Having said that, I have crept up the sales charts to a stupendous 297,699, which means that at least a few pre-orders have been place, although I don’t think David Nicholls, Dr Pierre Dukan and Kathryn Stockett need worry unduly about being knocked off their perch at the top just yet.
Not that I'm complaining. Seeing it up there for sale brings home the reality, which I have been struggling to accept. I don’t know if this is a first-author thing, or if it is because I am a miserable Scot who usually expects the worst possible outcome from every scenario, but I keep expecting the rug to be pulled out from under my feet, upending me onto my bony behind.
I’ve been like this the whole way through. When I submitted the novel to the Pratchett Prize, I did so at Nats’ insistence, as I was convinced it would never win. On the day the shortlist was to be announced, I wasn’t even thinking about it. When the initial elation of getting the email saying I had made the six-author shortlist faded, I then began waiting for another mail saying a mistake had been made. When that didn’t come, I convinced myself it would never win. When it did win, along with David Logan’s Half Sick of Shadows, I once again waited for the inevitable admission an error had been made. Then I kept expecting Transworld to change their minds, and pull the novel. And so on.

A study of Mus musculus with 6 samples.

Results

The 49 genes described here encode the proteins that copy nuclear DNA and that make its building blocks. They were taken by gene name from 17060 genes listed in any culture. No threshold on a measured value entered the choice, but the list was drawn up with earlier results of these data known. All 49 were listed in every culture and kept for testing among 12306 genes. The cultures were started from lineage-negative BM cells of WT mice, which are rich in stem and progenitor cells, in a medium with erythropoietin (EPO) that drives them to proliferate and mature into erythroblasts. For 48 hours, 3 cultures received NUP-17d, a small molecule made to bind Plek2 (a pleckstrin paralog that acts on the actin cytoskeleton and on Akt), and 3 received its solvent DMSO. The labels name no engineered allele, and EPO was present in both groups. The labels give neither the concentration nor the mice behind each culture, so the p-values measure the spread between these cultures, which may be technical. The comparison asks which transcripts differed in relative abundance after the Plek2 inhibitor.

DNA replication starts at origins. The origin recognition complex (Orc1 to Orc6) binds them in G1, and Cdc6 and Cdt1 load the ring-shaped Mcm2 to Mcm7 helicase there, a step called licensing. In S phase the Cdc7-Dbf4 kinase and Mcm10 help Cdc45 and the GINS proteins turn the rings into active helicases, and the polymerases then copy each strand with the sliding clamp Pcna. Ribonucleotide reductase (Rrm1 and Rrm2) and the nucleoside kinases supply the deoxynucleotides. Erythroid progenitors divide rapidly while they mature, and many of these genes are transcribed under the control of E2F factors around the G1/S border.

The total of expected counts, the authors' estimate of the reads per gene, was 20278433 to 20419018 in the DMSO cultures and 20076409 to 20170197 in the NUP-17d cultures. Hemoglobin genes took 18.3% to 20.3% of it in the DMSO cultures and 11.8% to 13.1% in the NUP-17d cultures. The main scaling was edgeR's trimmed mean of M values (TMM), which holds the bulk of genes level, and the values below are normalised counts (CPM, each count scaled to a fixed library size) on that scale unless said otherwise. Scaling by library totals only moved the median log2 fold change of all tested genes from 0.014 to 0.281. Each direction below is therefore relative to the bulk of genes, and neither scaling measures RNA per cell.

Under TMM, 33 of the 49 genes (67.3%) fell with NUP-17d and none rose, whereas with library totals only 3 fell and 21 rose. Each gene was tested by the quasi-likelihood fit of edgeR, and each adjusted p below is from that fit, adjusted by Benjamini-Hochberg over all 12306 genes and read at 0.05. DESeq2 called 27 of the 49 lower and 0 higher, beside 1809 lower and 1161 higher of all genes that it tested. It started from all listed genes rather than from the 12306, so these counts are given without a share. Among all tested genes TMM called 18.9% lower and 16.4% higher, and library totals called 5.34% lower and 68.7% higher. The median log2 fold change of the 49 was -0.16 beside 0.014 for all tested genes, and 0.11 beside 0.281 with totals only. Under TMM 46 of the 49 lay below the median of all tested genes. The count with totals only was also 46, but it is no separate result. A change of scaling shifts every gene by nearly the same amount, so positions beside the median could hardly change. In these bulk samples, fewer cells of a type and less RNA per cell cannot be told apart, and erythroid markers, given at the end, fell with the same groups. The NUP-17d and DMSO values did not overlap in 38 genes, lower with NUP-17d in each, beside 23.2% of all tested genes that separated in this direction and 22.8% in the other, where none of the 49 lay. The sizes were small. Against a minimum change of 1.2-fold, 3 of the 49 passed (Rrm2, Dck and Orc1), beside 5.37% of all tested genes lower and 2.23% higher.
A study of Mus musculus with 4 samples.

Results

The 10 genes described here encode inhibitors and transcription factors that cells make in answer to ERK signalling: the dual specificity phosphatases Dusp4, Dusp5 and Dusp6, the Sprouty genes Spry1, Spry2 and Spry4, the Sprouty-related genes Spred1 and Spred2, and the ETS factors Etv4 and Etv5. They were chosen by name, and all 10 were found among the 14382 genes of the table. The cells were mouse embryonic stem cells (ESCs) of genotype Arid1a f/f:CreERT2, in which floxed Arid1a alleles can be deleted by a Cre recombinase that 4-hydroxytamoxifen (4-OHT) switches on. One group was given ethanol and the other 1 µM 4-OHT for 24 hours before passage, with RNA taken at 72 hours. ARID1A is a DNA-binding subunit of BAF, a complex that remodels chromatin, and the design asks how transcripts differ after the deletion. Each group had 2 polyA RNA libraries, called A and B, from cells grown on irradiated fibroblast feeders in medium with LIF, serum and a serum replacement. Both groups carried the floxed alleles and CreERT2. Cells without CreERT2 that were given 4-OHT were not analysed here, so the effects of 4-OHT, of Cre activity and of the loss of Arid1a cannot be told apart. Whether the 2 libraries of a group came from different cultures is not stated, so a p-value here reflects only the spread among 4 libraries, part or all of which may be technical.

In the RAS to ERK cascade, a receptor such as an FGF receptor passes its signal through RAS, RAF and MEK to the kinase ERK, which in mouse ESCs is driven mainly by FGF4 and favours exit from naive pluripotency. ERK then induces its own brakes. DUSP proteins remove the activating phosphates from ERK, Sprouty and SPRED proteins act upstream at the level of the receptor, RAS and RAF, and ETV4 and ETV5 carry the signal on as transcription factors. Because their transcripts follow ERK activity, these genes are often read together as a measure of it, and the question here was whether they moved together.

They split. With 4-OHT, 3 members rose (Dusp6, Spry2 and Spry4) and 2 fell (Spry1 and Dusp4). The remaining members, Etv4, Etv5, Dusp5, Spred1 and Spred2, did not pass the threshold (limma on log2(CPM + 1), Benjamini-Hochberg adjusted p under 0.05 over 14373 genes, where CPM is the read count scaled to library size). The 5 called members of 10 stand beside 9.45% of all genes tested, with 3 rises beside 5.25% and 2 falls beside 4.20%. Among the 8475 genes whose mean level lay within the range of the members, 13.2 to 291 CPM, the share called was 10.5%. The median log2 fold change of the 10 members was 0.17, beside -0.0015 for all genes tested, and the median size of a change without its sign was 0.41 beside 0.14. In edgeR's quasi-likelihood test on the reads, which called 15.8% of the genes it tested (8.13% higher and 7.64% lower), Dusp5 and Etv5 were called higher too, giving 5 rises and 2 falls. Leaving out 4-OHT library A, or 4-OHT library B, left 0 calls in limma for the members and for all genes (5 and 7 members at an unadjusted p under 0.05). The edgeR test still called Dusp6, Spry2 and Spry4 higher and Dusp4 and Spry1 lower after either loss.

I think I have now just about accepted I am going to be a published author, but that isn’t going to stop me worrying. I can now turn my fruitless fretting to the fear of bad reviews and people not liking the book.
It just goes to show you can take the boy out of Glasgow, but you can’t take Glasgow out of the boy.